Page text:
Prior to his team's matchup with Oregon on Sept. 20, Michigan senior tailback Chris Perry led the nation in rushing for a fifth-ranked team with a legitimate shot to unseat Ohio State as Big Ten, or even national, champions.
Then the Ducks found a way to completely shut down the Wolverines' running attack in a 31-27 win, dashing Michigan's national championship aspirations in the process.
In that game, Perry gained just 26 yards on 11 carries and was a non-factor throughout. As a team, Michigan finished with negative rushing yards on the final stat sheet.
"Oregon put a lot of players in the box, so we knew we were going to have a tough time running against them," said Perry. "And then we were coming from behind, and we had to get points on the scoreboard quick. So we had to put more focus on the passing game."
After No. 14 Iowa contained Perry in a 30-27 win last Saturday, it has become abundantly clear that as Perry goes, so do the Wolverines. In their four victories, Perry has averaged 165.3 yards rushing. In their two losses, he has gained just 56.5 per game.
No. 17 Minnesota (6-0, 2-0 Big Ten) will surely take that into consideration when the Gophers take the field Friday night against No. 20 Michigan (4-2, 1-1) at 7 p.m. in the Metrodome.
Wolverines coach Lloyd Carr admitted the Hawkeyes were able to take away the running game and eventually, the whole game from his team.
"We struggled in the second half. We didn't run the football very effectively," Carr said. "I don't think anyone in the country is going to run the ball for a lot of yards against Iowa. They have an outstanding defense, personnel-wise."
Perry rushed for 87 yards on 24 carries, bettering his performance from two weeks before but still falling short of his Heisman Trophy-candidate billing in the second half.
In both the Oregon and Iowa games, Michigan quarterback John Navarre threw the ball at least 49 times because of rushing woes and scoreboard deficits. Carr and Perry said both teams keyed on their running game.
"You can keep people from running the football when you put nine players (near the line of scrimmage)," Carr said. "What you have to do is go in with a plan but you always have to adjust. You certainly need to have a will to run the football. There's no question about that."
Stopping the run
And if the Wolverines' two losses serve as examples, there is no question the Gophers will need the will to stop Perry and force Navarre to beat them through the air.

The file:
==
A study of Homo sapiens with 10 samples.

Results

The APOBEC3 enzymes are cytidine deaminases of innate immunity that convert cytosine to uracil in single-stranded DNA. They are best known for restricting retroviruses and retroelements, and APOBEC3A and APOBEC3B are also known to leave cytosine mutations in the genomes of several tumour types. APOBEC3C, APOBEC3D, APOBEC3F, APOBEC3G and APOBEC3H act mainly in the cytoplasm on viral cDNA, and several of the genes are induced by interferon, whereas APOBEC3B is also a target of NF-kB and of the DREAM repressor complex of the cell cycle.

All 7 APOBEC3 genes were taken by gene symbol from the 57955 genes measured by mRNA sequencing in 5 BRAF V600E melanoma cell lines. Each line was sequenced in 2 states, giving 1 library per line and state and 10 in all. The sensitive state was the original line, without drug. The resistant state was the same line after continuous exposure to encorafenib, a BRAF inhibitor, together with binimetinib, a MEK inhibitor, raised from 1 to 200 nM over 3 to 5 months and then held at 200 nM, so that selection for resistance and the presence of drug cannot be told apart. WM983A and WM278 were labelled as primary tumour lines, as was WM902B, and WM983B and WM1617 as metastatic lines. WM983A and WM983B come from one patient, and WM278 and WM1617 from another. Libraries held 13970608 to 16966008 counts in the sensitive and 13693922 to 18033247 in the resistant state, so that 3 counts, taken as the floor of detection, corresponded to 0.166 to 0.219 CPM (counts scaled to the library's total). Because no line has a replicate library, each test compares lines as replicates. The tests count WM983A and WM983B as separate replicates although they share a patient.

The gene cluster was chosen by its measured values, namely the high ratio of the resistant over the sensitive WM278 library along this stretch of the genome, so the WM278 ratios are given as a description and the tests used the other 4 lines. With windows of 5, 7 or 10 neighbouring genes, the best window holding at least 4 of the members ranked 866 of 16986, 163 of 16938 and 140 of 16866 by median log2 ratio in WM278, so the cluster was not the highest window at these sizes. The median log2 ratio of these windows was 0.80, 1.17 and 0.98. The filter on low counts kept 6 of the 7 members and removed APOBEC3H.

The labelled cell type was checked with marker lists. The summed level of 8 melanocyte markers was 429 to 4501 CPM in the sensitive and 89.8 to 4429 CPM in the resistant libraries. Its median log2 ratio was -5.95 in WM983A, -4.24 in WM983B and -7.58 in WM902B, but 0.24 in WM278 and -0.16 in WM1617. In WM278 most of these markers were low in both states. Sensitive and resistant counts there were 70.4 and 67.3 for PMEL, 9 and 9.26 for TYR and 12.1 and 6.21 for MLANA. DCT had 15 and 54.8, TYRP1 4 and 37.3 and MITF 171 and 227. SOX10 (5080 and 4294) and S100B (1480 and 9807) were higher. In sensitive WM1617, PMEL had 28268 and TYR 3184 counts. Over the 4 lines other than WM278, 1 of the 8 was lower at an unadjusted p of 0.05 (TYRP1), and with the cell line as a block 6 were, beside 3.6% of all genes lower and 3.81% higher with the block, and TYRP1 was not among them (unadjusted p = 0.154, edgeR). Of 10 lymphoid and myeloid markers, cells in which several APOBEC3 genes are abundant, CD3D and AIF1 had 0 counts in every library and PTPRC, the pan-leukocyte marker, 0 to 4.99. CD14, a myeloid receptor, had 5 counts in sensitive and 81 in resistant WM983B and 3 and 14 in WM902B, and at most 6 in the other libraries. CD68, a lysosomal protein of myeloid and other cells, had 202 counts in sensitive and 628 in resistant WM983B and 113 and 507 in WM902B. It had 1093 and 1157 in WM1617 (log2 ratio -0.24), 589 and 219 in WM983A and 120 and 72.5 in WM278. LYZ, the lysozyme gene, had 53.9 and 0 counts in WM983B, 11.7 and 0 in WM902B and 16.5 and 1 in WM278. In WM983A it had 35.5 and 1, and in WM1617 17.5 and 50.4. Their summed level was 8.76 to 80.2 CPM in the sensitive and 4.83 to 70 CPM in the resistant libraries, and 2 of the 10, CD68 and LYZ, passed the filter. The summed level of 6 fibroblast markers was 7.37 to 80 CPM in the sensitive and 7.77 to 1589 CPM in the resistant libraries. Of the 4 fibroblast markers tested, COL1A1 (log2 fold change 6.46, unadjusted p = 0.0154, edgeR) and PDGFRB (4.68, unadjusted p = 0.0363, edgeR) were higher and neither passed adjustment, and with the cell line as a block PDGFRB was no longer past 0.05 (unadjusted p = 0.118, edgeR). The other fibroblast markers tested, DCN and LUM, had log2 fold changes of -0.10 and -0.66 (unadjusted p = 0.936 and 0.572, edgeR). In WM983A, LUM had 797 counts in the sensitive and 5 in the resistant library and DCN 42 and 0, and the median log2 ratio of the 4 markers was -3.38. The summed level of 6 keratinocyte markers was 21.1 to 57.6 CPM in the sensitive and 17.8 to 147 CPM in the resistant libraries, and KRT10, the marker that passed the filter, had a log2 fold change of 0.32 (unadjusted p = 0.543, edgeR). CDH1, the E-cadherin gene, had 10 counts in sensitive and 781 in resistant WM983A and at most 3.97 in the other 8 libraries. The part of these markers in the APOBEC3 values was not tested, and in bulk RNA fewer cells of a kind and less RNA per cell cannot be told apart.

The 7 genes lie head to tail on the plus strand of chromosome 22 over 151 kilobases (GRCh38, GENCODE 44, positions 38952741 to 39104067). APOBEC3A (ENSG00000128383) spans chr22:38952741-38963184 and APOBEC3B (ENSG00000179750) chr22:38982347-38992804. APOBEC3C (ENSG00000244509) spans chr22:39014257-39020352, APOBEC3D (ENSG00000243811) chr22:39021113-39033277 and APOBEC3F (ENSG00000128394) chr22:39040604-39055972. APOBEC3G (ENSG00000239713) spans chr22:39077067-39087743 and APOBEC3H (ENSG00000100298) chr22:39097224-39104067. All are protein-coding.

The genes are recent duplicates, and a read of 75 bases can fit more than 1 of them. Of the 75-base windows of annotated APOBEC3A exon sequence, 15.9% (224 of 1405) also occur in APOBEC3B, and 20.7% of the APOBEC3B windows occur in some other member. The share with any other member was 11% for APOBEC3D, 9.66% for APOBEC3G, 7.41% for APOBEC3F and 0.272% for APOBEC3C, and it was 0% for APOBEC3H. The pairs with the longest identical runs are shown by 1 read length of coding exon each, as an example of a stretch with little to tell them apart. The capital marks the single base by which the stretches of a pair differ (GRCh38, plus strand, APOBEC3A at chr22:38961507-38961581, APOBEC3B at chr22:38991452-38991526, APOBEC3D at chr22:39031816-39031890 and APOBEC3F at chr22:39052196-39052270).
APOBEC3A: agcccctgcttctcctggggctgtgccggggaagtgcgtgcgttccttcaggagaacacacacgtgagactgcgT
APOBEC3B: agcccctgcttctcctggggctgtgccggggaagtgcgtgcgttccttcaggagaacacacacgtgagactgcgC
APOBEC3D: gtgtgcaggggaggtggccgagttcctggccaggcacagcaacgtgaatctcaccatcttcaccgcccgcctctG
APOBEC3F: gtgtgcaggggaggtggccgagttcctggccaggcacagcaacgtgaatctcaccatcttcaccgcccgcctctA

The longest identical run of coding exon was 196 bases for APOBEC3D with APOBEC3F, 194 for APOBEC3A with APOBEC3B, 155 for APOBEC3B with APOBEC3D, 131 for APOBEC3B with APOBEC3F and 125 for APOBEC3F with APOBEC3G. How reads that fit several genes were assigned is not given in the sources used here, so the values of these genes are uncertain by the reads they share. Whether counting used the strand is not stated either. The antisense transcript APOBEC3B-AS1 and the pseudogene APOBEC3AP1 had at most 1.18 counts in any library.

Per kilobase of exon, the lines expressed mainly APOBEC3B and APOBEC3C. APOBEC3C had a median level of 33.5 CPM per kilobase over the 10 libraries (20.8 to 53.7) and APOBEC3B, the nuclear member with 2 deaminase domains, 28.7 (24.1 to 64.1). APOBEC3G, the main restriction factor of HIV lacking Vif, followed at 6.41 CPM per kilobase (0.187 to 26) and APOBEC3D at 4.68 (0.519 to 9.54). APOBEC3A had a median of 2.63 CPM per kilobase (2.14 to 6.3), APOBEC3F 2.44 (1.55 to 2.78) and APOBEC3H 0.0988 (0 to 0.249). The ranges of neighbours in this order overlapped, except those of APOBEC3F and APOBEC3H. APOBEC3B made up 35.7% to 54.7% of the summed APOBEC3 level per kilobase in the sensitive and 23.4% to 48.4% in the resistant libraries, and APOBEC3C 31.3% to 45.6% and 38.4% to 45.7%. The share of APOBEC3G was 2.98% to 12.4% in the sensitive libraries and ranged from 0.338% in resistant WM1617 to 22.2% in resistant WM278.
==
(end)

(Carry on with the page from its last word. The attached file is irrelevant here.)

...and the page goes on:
Even then, Minnesota coach Glen Mason will not feel overly confident about his team's chances.
"You can take certain things from watching certain games on film," Mason said. "But I think it's a big mistake to think that you can just shut down Chris Perry. Michigan's got a lot of weapons. They've got as good of wide receivers as there are in the country."
Regardless, the ability of the Gophers to control the line of scrimmage and control Perry will signal their ability to control the game.
Number one goal
Defensive tackle Darrell Reid said stopping the run is the defense's number one goal week in and week out.
Reid and his linemates will have their hands full with one of the biggest and best offensive lines in college football. Michigan's senior center Dave Pearson is the smallest starter at 6-foot-3 and 297 pounds.
The heaviest starter on the Minnesota offensive line is junior left tackle Rian Melander at 295 pounds.
"It's important to stay patient and know the opponent's defensive scheme and where the hole will be," Perry said. "Having a great offensive line in front of me and great wide receivers that are willing to block for me makes things easier. When you have a great cast around you, you have no choice but to run well."
The greatest factor in determining Perry's success should rest with who controls the line of scrimmage. According to Carr, that is how Iowa came up big on Saturday.
Growing as a team
Perry said he and the offensive line have grown up together over the past few seasons. The resulting chemistry boosted Perry to some great performances, including 177 total yards and four touchdowns in a 38-0 lashing of Notre Dame on Sept. 13.
He and his teammates haven't been impressive since that game, losing twice and struggling to a 31-17 home victory over lowly Indiana. They know they will need to approach perfection in their final six games for a shot at the Big Ten title.
"Our goals are still out there for a Big Ten Championship and we know that we can't stub our toe again," Navarre said. "We can go one of two ways. I think the consensus is that we are going to pick ourselves up, we are going to move forward and we are going to make a run at this."